America has always been known for its frenetic lifestyle and “speed at any cost” culture. McDonald’s, the global popularizer of fast food, is a quintessential American success story. And countless time saving consumer products, ranging from the Singer sewing machine to the Whirlpool washing machine, first became household necessities in the United States.
The desire to speed through the chores and tasks of daily life pervade every American consumer sector. To serve this need, supermarkets have replaced traditional cash register counters with express lanes and self-service lines. Consumer banks have likewise encouraged customers to avoid teller lines and utilize automated teller machines and online web services instead. Even matchmaking services have jumped into the fray, utilizing software algorithms and speed dating events to accelerate the process of falling in love.
Several years ago, a chain of health clubs called Curves grew to industry dominance by offering a fast paced daily workout, one that could be completed in a mere thirty minutes of sweating and straining. Scheduled during a lunch hour, patrons could actually complete their daily regimen and grab a light lunch before returning to work! This formula appeared to be perfectly suited for the energetic American lifestyle; thus, many industry analysts took note last week at the news that Curves was continuing to close thousands of club locations.
Demand, Not Supply
Why do firms like Curves encounter such problems? Well, some service organizations are victims of their own success; they inspire the emergence of competitors who increase the supply of available services and thus drive down retail prices. In such situations, although the pioneering firm may struggle mightily to compete against lower priced rivals, it can at least depend upon the continuing popularity of its core product.
This has been the situation confronting Starbucks, for instance, in its ongoing battle to defend its market share against McDonald’s McCafe, Dunkin’ Donuts, and other rivals; however, it hasn’t been the situation for Curves. Quite the contrary, Curves has not needed to confront any major competitors offering thirty minute workouts for a simple reason: the fast paced regimen itself has suffered a precipitous decline in popularity.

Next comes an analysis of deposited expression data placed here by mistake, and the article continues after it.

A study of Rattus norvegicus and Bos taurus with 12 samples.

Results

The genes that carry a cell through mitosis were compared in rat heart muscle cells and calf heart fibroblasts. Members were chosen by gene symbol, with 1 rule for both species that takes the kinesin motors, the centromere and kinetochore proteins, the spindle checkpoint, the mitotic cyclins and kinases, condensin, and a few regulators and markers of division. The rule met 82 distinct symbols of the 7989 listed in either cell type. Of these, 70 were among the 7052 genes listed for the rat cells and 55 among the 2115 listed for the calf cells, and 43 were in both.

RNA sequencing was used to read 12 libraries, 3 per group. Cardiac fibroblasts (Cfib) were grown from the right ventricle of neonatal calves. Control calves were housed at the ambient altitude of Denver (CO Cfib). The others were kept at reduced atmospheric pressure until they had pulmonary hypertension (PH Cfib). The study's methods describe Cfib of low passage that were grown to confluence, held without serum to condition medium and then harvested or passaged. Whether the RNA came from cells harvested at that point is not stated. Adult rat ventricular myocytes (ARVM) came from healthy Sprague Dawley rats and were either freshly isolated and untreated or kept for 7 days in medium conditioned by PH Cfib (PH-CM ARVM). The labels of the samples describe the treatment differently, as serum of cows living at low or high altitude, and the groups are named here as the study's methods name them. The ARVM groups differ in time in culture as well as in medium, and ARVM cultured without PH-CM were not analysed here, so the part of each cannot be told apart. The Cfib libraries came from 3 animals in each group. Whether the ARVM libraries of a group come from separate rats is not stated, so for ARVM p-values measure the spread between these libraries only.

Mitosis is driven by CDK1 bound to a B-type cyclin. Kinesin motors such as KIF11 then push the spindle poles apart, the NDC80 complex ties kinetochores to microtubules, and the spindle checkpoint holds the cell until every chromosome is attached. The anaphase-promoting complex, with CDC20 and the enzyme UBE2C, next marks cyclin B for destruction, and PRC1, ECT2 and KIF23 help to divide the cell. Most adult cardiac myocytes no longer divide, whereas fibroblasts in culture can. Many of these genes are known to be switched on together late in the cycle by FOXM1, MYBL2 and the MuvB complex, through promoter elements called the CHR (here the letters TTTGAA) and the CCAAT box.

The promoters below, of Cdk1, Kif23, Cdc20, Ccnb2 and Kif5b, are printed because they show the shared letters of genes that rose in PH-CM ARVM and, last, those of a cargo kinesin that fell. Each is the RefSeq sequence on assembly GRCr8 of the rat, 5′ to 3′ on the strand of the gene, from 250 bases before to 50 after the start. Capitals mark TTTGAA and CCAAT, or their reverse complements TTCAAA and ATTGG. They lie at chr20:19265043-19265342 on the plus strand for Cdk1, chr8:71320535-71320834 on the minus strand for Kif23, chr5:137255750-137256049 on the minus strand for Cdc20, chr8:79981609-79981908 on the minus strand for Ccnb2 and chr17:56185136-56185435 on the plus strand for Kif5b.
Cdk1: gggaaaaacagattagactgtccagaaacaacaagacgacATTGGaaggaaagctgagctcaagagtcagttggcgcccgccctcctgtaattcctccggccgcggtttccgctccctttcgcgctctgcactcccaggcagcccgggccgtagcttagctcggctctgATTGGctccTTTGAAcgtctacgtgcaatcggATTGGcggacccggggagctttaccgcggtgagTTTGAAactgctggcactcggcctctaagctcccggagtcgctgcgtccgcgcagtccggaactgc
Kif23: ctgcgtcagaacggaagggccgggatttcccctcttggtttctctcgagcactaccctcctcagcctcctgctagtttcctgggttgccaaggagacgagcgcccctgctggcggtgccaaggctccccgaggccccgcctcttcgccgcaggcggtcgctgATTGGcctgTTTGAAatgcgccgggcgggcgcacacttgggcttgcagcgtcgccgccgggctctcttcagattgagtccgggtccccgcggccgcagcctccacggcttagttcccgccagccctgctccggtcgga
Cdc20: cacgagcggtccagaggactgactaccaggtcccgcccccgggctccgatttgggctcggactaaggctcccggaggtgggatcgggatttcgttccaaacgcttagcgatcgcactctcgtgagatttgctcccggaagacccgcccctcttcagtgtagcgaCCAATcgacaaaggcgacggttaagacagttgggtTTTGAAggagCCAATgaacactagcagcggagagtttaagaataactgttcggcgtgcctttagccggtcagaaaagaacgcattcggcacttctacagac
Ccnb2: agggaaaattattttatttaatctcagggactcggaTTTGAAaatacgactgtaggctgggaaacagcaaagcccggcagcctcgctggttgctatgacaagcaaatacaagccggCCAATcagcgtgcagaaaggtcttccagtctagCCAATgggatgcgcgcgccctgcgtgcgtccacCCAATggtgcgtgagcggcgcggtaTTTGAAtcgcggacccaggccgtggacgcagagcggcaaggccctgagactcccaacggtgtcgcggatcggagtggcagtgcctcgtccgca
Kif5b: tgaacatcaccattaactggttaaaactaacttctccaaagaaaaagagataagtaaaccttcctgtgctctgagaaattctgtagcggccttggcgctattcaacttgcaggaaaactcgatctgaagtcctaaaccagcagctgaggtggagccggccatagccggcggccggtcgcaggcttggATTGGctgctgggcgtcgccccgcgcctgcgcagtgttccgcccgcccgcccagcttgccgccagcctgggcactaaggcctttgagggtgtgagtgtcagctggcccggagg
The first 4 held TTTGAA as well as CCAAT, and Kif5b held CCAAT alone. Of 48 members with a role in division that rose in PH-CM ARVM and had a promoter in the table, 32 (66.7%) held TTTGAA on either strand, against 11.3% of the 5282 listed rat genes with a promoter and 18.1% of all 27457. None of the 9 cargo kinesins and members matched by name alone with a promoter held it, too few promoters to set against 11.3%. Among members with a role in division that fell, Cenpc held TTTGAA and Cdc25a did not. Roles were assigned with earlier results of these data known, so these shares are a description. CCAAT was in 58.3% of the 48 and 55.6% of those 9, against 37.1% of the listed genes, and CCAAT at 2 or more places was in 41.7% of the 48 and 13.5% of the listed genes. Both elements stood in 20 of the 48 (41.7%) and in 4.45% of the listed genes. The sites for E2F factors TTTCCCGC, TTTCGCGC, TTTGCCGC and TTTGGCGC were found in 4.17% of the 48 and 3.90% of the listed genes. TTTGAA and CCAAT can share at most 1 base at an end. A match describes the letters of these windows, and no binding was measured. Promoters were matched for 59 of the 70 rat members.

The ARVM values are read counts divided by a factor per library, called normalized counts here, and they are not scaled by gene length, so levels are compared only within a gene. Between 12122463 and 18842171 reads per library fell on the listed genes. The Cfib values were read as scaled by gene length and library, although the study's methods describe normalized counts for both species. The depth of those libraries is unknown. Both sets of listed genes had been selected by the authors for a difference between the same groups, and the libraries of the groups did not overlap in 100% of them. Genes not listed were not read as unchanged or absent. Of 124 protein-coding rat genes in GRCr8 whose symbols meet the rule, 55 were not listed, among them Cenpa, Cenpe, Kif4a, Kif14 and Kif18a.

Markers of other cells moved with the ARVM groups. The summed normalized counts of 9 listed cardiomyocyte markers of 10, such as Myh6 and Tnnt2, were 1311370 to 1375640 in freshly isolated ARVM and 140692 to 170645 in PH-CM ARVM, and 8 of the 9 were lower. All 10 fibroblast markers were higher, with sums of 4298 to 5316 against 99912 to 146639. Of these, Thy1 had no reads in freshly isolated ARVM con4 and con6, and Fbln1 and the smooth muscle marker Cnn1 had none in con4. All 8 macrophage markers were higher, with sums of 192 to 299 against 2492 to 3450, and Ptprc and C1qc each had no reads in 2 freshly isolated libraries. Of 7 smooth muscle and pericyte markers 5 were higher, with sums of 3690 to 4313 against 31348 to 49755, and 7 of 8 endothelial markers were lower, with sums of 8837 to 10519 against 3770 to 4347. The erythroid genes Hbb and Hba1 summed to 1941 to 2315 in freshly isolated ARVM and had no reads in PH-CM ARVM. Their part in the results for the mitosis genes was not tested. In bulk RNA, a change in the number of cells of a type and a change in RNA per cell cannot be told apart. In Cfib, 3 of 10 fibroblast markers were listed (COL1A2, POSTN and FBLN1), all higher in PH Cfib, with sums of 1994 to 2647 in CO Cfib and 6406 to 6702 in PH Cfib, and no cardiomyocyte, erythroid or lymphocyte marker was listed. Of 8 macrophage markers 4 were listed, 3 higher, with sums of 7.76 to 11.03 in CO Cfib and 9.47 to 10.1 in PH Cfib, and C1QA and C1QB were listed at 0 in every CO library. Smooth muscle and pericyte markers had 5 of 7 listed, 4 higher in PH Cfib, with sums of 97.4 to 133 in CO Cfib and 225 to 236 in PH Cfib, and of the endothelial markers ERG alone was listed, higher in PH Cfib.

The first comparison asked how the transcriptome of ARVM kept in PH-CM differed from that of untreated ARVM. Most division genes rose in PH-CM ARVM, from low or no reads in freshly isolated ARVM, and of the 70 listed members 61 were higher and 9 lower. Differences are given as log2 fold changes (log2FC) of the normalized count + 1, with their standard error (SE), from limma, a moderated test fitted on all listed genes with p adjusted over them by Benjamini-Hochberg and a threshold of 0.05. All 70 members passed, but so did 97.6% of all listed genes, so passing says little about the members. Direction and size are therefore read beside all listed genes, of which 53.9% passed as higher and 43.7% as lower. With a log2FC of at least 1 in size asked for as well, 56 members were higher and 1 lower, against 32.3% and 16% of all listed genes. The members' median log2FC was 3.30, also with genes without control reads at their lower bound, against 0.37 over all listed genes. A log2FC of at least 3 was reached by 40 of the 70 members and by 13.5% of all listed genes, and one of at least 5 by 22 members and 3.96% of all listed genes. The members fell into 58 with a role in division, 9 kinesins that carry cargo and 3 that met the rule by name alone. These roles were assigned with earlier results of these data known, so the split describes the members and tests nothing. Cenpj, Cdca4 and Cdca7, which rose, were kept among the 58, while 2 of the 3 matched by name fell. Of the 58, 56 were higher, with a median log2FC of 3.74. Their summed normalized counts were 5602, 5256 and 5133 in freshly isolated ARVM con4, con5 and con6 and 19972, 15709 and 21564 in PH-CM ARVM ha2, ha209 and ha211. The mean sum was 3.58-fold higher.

To be sure, Curves’ strategy of focusing on women has certainly placed a cap on overall demand for its services; after all, its emphasis on females artificially excludes all male health club consumers. And the continuing economic recession has undoubtedly led certain consumers to perceive any health club regimen, even one that lasts for a mere thirty minutes, as an unaffordable luxury. Nevertheless, the decline of demand for accelerated exercise programs at Curves is not solely attributable to gender bias and consumer cost considerations; it can also be attributed to a change in American demographic patterns and social lifestyles.
Beyond the Youth Culture
The aging of the baby boom generation, for instance, has increased the percentage of American women who fall within the senior age range, leaving fewer women in the prime years of their lives who wish to exercise on a daily basis. And the gravitation of American businesses to emerging regions like the Dakotas and Nebraska has made it difficult for Curves to earn the same high profits per location that it otherwise earns by attracting large numbers of consumers to clubs in extremely dense urban areas.
Other segments of the American economy appear to be gravitating towards slower paced lifestyle activities as well. Major League Baseball, long known as the oldest and slowest of all American professional sports, continues to enjoy a Renaissance of popularity. And the livable city movement, featuring homes spaced closely enough to allow residents to stroll to town centers on foot, continues to invigorate cities like Portland, Oregon.
This is not to say, of course, that Americans are prepared to relinquish their kitchen appliances and automobiles and return to a preindustrial lifestyle! Nevertheless, it does appear that Americans may be growing weary of maintaining one of the longest work weeks in the developed world; the attractiveness of adding thirty minutes of intense exercise each day to that burden may be waning a bit.
Interestingly, despite this new aversion for fast-paced workouts, Americans appear to be more concerned about their health than ever. They continue to quaff huge amounts of water, low calorie beers, and green teas, while avoiding the heavy sugar loaded colas and calorie laden beers of an earlier era.
They also have many more mature athletic role models than ever, with runners over 100 years of age now competing in marathons, and major league baseball players such as Julio Franco and Jamie Moyer playing well into their late 40s. In fact, images of seniors briskly dancing and ocean sailing now dominate the marketing campaigns of most retirement investment management and newsletter firms.
Nevertheless, such strenuous activities are certainly NOT being scheduled in the brief thirty minute time slots once popularized by Curves. Although Americans increasingly value healthy lifestyles, they appear to have decided to shift their wellness activities into the slow lane.